Diversity is inherent in extraordinary teamwork. After all, if everyone thought the same, why bother to have a team? One person would have the same perspective and answer as the next one! Team synergy comes from diverse points of view, building small agreements to develop large successes.
“Diversity” simply means differences present among people today. High-performing teams value diverse perspectives, backgrounds, ethnicities, genders, abilities, ages, and the like.
Lenora Billings-Harris, a work force diversity specialist agrees. “When people are exposed to each other’s viewpoints, ideas flourish,” she said.
To ensure that teams truly value diversity:
Get Smart. Build your knowledge and understanding of different groups, so you don’t rely on biases or stereotypes.
“Do your homework by conducting research on the Internet, talking to people in the group you wish to reach, and getting to know your teammates,” Billings-Harris said.
Connect. Take the time to demonstrate sincere interest in your teammates, Billings-Harris suggests.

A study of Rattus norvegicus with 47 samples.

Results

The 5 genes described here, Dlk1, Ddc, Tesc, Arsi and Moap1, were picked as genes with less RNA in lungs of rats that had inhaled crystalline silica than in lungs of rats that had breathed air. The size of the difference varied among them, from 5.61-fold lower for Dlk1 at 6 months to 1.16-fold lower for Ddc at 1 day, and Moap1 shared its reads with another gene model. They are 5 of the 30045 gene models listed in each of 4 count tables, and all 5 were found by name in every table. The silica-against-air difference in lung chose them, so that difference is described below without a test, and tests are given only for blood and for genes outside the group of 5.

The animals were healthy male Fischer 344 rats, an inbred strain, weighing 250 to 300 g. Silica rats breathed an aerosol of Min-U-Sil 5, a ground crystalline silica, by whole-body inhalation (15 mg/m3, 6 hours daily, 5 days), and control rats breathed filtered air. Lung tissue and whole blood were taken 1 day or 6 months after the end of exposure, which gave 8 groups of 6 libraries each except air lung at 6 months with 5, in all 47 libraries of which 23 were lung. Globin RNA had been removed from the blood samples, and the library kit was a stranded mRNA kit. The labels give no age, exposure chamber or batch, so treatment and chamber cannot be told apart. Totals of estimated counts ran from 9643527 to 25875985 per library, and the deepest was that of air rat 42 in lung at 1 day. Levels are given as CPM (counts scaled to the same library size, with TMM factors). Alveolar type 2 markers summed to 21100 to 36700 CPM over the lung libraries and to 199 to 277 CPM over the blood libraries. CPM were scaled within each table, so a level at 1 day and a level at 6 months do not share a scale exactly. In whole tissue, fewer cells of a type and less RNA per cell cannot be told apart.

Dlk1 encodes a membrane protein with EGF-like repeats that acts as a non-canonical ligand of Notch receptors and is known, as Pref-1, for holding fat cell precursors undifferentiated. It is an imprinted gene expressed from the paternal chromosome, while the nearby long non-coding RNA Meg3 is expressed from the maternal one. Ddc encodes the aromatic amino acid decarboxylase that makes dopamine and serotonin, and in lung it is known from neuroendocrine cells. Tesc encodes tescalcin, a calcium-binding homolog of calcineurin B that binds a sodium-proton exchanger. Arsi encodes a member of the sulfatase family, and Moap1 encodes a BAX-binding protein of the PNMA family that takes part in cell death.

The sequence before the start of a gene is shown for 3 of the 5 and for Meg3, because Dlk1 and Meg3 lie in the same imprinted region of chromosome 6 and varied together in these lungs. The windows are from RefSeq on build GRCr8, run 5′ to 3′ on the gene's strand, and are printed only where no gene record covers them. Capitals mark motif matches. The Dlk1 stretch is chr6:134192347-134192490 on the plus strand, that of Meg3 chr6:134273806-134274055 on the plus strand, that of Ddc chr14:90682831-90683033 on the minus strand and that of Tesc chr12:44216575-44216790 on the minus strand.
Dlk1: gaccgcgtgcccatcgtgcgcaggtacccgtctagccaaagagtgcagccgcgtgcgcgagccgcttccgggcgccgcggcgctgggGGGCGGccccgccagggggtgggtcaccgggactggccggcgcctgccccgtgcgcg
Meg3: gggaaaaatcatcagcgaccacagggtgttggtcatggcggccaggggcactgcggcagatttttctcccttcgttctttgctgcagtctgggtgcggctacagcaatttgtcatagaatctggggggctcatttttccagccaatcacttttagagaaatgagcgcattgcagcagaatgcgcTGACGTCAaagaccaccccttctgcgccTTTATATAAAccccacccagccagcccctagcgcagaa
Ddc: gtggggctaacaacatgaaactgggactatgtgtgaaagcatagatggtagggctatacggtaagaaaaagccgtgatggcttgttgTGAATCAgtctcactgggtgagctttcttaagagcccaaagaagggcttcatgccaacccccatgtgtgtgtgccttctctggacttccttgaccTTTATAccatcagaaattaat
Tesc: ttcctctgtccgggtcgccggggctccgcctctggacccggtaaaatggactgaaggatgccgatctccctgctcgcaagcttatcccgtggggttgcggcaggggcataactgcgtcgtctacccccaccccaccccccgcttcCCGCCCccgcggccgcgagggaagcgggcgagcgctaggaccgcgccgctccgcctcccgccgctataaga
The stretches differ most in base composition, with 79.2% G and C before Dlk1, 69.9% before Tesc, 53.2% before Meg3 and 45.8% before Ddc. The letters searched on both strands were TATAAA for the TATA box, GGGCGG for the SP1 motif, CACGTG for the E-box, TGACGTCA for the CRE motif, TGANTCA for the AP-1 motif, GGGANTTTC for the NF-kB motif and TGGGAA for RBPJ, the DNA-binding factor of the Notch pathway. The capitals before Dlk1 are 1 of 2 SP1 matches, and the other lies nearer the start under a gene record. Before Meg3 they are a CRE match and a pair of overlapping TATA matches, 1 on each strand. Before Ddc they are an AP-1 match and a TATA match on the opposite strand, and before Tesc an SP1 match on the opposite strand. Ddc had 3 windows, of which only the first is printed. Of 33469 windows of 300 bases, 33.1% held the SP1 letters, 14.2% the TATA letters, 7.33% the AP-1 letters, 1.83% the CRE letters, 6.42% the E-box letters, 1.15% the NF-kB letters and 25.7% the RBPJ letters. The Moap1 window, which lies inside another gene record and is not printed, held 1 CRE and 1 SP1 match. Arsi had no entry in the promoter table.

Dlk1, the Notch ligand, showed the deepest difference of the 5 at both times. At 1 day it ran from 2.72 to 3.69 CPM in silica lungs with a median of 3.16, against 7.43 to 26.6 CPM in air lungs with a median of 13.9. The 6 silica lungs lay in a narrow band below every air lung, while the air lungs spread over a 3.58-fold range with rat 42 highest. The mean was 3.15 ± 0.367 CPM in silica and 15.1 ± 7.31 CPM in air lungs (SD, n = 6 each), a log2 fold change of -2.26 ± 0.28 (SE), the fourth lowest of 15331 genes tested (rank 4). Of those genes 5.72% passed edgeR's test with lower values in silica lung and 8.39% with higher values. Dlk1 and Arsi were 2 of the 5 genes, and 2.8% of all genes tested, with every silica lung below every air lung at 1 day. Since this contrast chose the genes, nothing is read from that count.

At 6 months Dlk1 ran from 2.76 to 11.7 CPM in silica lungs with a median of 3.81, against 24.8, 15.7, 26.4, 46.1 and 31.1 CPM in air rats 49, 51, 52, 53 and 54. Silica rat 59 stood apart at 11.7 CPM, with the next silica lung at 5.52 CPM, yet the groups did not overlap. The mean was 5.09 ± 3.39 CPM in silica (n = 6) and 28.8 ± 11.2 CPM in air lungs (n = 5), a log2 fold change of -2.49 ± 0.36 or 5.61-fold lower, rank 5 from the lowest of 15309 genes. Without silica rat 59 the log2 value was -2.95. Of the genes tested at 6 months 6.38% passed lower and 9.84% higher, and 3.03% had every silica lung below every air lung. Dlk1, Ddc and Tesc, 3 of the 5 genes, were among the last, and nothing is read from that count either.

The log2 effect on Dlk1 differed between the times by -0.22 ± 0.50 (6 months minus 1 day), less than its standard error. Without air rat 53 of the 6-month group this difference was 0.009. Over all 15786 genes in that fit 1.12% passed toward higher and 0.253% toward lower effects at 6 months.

“The more you are able to connect with individuals, the more likely you will see the real person, instead of just their ‘packaging.’ Their differences will then be an asset, instead of a barrier,” she said.
Be Watchful. Multicultural behaviors, words, or gestures might affect the team dynamic. For example, the American “bye-bye” gesture means “come here” to some people from Southeast Asia. By getting smart and making connections, this kind of unintentional faux pas can be used as a learning opportunity.
Ante Up. Recognize that everyone on the team contributes value. They might not look like you, sound like you, or think like you.
“The key within a diverse environment is to be able to practice great teamwork with all team members, rather than only those with whom you are most comfortable,” Billings-Harris emphasized.
Be Fair. Sometimes we have a tendency to count on the same people because we know that they’ll do great work. However, if you truly want to develop all team members, regardless of their packaging, identify projects, tasks, and responsibilities that could further develop their skills.
“Once the task is delegated, be sure to coach and counsel, and be clear regarding your expectations and the results,” Billings-Harris cautioned.
Challenge Assumptions. Culturally, Americans tend to follow the Golden Rule: “Do unto others as you would have them do unto you.” It’s a great rule of thumb, but the Golden Rule assumes that we’re all coming from the same place. Challenge your assumptions before leaping to conclusions about what works best for diverse teams.
Question: Do you value the diversity among your team members?